Ambition and its many faces


Alice Bustos-Orosa

How many people have fallen into the folly of thinking that ambition is the be-all and end-all of one’s existence? Even in Shakespeare’s tragedies, we’ve seen how ambition drives men mad. Over the years, even as children, you would have met someone who seemed to be the epitome of ambition. In fact, you may have met someone you’d only describe as ambitious, driven, or even pushy.


In high school, each batch had its Miss Overachiever, one who seemed to be picking all the plum roles in school. From class president to grand winner in all sorts of school competitions, be it the Spelling Bee, Quiz Bee, Declamation, Debate, or even Glee Club, she grabs them all. Then, by the time graduation comes, Miss Overachiever goes up on stage as Valedictorian, donning all the possible gold medals the school grants. Sometimes, if lucky, Miss Overachiever is also the well-loved popular smart girl and the teacher’s pet. But for the most part, she is quite elusive to many of her peers, even seemingly slightly older, more mature than everyone else.

It’s probably in the work place though and in our professional lives that ambition seems most palpable. Often, you meet Miss Career Tracker—whose natural air exudes an attitude of “I know better than you” or that of “Who do you think you are? In large gatherings, this is the individual who simply has to stand up to take the microphone and to comment needlessly. Craving for the limelight, Miss Career Tracker takes center stage whenever she can. It’s unfortunate to work alongside Miss Career Tracker who often takes credit for success and picks everyone’s brains for ideas, then passes these off as hers. At meetings, she speaks her mind, without being asked. The butt of office gossip, Miss Career Tracker doesn’t really give a damn about what people think. Even more, she definitely knows whom to patronize to move up the corporate ladder.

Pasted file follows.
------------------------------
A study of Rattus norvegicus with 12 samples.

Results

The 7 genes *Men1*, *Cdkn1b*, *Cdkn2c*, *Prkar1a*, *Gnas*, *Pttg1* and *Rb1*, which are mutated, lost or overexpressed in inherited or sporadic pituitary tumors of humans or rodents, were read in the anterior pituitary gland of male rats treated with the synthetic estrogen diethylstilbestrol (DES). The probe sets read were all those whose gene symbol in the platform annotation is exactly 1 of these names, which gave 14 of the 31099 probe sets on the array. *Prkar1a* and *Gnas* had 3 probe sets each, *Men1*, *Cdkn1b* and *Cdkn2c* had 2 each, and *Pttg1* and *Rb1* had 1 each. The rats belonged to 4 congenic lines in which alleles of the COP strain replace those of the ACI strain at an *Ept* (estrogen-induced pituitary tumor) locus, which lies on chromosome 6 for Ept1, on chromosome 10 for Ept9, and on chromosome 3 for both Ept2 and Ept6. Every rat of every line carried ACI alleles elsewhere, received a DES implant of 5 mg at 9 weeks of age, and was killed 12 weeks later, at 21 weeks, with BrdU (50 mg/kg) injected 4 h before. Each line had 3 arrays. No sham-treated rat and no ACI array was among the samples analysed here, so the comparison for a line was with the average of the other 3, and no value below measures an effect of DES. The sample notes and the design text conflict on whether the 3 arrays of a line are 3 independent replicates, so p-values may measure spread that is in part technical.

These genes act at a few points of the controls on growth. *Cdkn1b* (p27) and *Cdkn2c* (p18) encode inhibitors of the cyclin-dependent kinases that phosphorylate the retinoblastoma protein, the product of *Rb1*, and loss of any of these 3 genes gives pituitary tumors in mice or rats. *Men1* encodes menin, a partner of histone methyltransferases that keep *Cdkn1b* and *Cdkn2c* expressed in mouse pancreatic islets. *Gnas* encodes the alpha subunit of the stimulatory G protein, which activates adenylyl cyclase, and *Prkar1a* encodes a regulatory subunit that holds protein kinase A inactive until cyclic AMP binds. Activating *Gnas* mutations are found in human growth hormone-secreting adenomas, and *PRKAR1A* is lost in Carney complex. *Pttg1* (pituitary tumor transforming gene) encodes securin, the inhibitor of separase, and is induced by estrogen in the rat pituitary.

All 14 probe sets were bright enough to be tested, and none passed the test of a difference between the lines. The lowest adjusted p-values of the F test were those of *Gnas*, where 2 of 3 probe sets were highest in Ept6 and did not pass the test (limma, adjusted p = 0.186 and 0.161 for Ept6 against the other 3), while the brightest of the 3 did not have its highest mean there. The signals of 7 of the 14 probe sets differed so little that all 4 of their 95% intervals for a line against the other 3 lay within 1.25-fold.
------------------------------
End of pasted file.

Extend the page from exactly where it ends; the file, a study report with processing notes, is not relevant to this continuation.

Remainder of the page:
Then there’s the Mr. All Talk but No Results Guy in the Office—one who is especially outspoken during meetings but never delivers on assigned work. He’s the colleague who knows how to impress the boss, but never gains the respect of his co-workers because of his lack of organization or diligence at work. It can be quite frustrating to have Mr. All Talk work in a team as he slacks off when the going gets tough.

I’ve often felt uneasy around people who wear ambition on their sleeves so visibly. I suppose for many Filipinos, we perceive it to be quite arrogant to meet someone who acts and seems so obviously consumed by ambition. This, no matter how smart, educated, or competent you are. In fact, in many studies on Filipino culture, it is noted that the self-effacing attitude of most Filipinos behooves the notion of ambition. We generally respect people who are more unassuming, even self-deprecating to a fault. And oddly, we admire those who are more modest about one’s achievements.

I do concede though that for one to grow professionally and to ward off complacency, one needs a little dose of ambition. Maybe, the tricky part is striking the perfect balance between being ambitious yet humble, driven yet kind, or determined yet modest. After all, success and fame are but fleeting and ephemeral, and relationships built more lasting.